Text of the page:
Getting your kids off-line
Let’s face it — at any given moment of the day, if you want to guess what your teen is doing you have a very high probability of guessing correctly if you suspect that they are on some form of social media. And yes, we the parents may be doing the same.
Consider these statistics:
1. 92% of all teens ages 13-17 are now online daily. More than three-quarters of them have mobile access to the Internet. (Pew Research)
2. 24% of all teens say they are online constantly. (Pew Research)
3. Teens are spending nearly 9 hours a day on average on digital media. (Common Sense Media)
4. 71% of teens use more than one Social Media site. (Pew Research)
Given this data, what’s a parent to do… assuming that we want our kids to get some sunlight, communicate in person at least some of the time and that we want their daily lives to include a healthy balance of physical, social, and other stimulating activities?
Here are some ideas based on the activities of many parents who have addressed this problem successfully:
1. Model a balanced daily schedule yourself. Your kids are watching you very closely and if you are constantly plugged in electronically then you certainly can’t expect your teens to do otherwise. After all, you are their most influential role model.
2. Charge their cell phones outside of their bedrooms, so they are not up until the wee hours of the night texting. Most teens are already sleep-deprived, right?
3. Set a limit on the amount of time that they can spend on their computers. Yep, they may get angry at you for setting this limit, but absorbing our teens’ anger is what parents are supposed to do. Remember we are their parents, not their friends. And you won’t be alone…. about 55% of parents say they limit the amount of time their kids can be online.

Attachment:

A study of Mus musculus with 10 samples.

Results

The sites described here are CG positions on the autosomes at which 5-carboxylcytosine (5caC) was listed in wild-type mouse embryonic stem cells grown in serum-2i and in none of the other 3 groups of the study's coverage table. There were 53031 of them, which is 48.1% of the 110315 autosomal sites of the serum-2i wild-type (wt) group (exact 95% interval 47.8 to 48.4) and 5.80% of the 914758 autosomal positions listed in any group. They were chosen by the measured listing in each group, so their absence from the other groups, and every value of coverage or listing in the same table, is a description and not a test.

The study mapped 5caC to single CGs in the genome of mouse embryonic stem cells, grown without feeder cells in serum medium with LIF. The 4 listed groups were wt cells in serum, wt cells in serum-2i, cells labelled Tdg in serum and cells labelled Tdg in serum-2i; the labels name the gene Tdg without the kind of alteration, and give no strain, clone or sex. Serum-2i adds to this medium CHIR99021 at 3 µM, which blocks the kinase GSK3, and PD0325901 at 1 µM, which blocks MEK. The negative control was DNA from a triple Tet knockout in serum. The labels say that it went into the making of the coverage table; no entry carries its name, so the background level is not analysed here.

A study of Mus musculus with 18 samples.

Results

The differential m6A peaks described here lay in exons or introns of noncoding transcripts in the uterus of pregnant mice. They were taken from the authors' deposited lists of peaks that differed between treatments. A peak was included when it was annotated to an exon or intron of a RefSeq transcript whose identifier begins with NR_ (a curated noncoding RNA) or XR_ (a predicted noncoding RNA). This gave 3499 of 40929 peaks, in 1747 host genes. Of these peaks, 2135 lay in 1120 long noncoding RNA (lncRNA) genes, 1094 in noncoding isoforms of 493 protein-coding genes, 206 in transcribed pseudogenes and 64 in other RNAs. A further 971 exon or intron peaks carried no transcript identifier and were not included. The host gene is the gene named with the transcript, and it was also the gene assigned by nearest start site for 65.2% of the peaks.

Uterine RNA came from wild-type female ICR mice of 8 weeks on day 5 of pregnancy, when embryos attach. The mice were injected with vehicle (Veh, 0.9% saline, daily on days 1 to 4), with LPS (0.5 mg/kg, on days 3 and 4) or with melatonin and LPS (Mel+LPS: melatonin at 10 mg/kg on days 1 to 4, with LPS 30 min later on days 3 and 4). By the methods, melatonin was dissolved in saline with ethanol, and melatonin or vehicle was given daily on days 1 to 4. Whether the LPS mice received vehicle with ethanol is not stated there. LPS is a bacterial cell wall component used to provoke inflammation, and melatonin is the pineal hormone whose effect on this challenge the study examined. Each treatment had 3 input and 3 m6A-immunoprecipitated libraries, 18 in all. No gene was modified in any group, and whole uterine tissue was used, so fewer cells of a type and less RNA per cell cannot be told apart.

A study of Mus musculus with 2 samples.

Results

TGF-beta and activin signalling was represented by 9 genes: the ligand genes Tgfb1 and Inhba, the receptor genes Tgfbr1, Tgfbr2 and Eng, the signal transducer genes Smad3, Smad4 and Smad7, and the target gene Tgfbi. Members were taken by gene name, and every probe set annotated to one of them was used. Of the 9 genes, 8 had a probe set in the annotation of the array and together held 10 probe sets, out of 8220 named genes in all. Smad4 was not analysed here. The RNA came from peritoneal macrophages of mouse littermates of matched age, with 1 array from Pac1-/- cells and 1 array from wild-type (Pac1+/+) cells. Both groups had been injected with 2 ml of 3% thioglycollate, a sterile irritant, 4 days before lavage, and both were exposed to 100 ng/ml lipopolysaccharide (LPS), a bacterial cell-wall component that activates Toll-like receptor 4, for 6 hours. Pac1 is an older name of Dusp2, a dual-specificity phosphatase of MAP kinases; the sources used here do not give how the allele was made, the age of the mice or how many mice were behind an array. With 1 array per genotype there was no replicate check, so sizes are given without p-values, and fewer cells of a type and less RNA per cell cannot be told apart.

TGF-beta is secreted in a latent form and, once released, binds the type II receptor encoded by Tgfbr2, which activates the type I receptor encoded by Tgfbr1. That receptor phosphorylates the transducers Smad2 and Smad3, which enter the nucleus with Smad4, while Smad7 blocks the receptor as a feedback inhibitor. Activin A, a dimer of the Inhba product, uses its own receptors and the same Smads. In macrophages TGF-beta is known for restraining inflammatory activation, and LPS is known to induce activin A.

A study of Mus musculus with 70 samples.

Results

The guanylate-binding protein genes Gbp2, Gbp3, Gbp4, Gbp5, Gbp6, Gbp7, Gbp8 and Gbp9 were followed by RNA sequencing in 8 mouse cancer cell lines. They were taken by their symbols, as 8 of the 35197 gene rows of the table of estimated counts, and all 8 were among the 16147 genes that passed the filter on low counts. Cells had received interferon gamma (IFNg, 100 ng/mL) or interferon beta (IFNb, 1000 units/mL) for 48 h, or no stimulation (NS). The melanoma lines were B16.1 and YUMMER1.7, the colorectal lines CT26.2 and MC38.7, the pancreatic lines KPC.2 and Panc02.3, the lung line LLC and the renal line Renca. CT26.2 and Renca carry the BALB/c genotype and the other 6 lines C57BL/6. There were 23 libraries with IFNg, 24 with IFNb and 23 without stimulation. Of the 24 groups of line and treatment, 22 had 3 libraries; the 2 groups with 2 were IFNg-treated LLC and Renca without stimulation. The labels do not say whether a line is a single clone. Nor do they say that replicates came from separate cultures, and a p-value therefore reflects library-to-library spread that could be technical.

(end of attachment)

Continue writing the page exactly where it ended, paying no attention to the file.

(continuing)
4. Get their passwords, so that you can monitor their use of Facebook because many conflicts start there. Yes, they will be resistant but hey, you bought the computer, right? And, your goal is to look out for your kids’ safety, correct? According to latest research, 48% of parents know the password to their child’s email and 43% know the password to their child’s cellphone.
5. Consider access to the various forms of social media a privilege, not a right. If they abuse it then they lose it for a specified amount of time. 35% know the password to at least one of their child’s social media accounts.
I can assure you that this will be very effective. Good luck as you help your kids navigate their digital lives. It may not be easy, but many other aspects of parenting are also not easy.
(BTW, if you’re wondering how many adults use Social Media, here’s the stat: 76% of online adults now use a social networking site of some kind. And men and women use social media at similar rates!)